My Thoughts on the Block Bot, as a User and a Member of the Blocking Team

I was recently contacted by an American journalist, keen to speak with someone involved “at the coal face”, as it were, of Twitter’s block bot, both as a user of the tool and as a member of the blocking team, which I now am.

For those unfamiliar with it, the Block Bot is a crowd sourced tool that will, if you allow it to, block a list of people on twitter. These are divided into three categories – level 1 for people who should probably be banned if Twitter’s abuse process worked correctly, level 2 for people who are generally abusive but it’s not their raison d’être, and level 3 for people who show abusive behaviour through ignorance or refusal to acknowledge their own privilege in ways that cause distress to marginalised groups.

It won’t block anyone you already follow, and the list is crowd sourced, peer-reviewed and constantly being examined to ensure people are placed correctly. If adding someone to the list would prove controversial amongst the bot’s users for some reason, they are generally not added.

Anyway, here’s what I said to the journalist (fixed a couple of grammatical errors).

As a somewhat visible trans woman, being for a few years the only openly trans elected politician in the UK (Im not currently serving), and a somewhat outspoken one on issues of trans equality, I have attracted a lot of attention, and some of it has been quite negative.

In February to May of this year, I was subject to an offline harassment campaign where numerous people made vexatious complaints to my party, and to my council, all of which were dismissed, but which had a very negative toll on my mental health, requiring me to take antidepressants and tranquillisers for some time. The harassers were openly discussing their campaign on Twitter, and the people involved continue to try and attract my attention, and engage in the technique known as gaslighting and getting under my skin in other ways. Some of them even turned up to picket London DykeMarch in June because I was one of the podium speakers. It gets a bit much when social media bullies start turning up to events one is at to harass!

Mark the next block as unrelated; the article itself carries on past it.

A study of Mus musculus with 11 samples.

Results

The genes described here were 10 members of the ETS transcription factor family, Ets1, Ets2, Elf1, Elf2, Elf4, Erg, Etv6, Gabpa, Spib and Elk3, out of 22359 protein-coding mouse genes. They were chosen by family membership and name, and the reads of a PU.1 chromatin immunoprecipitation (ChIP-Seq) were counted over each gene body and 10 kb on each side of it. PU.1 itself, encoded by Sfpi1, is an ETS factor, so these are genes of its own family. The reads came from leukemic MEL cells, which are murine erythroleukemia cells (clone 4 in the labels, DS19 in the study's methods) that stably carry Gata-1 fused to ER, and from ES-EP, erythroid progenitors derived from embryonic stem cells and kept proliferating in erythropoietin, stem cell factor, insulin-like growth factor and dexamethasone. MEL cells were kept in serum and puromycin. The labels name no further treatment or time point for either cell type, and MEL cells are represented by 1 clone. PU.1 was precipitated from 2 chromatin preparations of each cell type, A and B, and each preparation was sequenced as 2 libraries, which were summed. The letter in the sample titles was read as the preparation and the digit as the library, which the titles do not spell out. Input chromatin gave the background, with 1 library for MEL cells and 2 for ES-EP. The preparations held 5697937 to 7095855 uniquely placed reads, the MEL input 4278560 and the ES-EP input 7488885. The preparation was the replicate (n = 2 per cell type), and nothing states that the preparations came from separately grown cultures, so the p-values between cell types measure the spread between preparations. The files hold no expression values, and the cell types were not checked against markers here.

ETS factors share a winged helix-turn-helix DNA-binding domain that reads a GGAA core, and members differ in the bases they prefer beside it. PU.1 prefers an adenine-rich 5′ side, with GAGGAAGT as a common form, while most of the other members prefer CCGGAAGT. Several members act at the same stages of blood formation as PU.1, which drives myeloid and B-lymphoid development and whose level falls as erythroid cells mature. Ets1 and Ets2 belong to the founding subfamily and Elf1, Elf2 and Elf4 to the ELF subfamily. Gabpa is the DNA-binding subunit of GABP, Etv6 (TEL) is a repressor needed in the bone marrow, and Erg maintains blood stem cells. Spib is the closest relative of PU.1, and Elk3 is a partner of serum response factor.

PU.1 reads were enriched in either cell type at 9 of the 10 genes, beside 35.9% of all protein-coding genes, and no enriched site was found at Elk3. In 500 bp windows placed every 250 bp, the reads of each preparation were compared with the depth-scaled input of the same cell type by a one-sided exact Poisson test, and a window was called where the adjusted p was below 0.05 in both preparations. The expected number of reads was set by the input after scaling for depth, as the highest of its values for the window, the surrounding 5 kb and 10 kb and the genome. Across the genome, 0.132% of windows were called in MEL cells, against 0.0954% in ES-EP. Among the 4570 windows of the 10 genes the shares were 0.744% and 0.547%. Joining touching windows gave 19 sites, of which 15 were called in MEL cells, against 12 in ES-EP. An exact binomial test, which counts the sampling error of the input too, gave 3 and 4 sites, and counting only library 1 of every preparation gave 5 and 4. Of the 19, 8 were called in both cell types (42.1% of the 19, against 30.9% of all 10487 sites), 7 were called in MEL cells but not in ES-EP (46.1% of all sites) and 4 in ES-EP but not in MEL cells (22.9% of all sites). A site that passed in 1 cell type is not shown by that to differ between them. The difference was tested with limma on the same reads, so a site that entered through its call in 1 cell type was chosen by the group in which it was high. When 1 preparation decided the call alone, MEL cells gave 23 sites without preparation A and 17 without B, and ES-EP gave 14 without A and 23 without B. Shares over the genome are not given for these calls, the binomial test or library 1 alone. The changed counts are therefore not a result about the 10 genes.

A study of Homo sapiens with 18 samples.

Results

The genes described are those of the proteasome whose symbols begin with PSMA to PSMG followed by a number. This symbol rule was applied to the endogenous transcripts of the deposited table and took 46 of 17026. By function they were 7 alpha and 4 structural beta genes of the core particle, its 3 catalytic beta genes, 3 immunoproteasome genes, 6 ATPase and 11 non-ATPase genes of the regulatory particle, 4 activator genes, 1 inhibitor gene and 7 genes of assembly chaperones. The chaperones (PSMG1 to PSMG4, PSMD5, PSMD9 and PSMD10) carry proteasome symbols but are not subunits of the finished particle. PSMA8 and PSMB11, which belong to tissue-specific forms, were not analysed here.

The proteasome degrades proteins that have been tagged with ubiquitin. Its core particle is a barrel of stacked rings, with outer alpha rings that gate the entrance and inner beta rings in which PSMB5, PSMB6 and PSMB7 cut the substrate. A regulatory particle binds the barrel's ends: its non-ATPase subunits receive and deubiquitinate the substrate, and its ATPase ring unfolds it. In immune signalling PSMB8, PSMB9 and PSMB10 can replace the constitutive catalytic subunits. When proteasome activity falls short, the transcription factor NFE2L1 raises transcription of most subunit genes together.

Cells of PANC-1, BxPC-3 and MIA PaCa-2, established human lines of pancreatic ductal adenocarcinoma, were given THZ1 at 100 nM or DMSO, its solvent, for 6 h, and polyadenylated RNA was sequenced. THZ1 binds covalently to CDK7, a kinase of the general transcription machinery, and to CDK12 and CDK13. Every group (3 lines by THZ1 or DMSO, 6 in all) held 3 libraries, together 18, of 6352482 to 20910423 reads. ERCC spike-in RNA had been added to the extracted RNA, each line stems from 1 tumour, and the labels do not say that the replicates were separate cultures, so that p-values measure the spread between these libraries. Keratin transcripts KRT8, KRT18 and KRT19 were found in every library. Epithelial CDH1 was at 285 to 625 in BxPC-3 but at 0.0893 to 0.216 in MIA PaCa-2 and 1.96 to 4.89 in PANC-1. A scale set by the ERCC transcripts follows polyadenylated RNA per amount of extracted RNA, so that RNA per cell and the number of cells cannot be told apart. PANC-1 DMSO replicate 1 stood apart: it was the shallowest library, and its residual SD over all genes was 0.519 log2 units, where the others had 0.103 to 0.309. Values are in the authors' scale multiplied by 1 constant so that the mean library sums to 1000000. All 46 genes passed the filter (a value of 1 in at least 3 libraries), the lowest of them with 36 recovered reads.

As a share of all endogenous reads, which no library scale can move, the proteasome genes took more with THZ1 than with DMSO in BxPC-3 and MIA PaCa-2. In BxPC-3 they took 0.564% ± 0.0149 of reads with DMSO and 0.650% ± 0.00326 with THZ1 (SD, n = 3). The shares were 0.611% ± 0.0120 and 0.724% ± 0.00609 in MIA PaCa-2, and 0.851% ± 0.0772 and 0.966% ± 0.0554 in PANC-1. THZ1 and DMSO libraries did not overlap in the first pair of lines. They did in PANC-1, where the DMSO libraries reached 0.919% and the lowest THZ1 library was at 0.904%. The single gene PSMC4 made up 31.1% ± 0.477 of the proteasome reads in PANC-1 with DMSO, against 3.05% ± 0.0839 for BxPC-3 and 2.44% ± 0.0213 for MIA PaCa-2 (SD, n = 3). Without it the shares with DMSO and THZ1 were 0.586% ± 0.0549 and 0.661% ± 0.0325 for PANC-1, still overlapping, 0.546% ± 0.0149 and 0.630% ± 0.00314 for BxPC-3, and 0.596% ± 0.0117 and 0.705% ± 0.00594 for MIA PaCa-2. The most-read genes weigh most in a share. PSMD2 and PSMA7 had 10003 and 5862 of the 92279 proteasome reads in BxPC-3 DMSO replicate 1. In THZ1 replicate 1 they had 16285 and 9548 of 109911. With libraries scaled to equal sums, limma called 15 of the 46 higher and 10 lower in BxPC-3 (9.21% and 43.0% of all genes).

Unusually, compared to the harassment most women experience on social media, where the perpetrators are men, the perpetrators of the transphobic harassment I’ve been experiencing have been mostly (but not exclusively) women.

I blocked most of them manually, but a common technique of harassers is to create new accounts and try again from there, so it was difficult to keep up, and the ones that got through were often very distressing. I can sometimes look at what these people are saying, as long as it’s on my own terms, and when I’m able to walk away, but to have them impose themselves, when I may be having a bad day or whatever, is not good.

I signed up for the blockbot, after being sceptical of it for some time, but found that the blockers, most of whom are women, are generally sympathetic to the harassment transgender women face from the transphobic fringes of the feminist movement. As a result the bot was a good match, and I increasingly discovered, some time after the fact, that people had been trying to harass me and the bot had already blocked them for me.

My mental health is much better now. Some of that is because I’m no longer in office and face less stress generally, but undoubtedly some of it is not having to deal with constant harassment, or exposed to constant microaggressions associated with being a member of a minority community (people persisting in those tend to get blocked too, but at a lower severity level – you choose which severity level you sign up to). I have since joined the team of people who maintain the block list and decide when to add new blocks, and they’re a great bunch of people.

I know the idea of a block bot is proving very controversial in some quarters, but I don’t hesitate to recommend it now. It has played a significant part in keeping Twitter as a usable platform for me, and I can only see that as a good thing.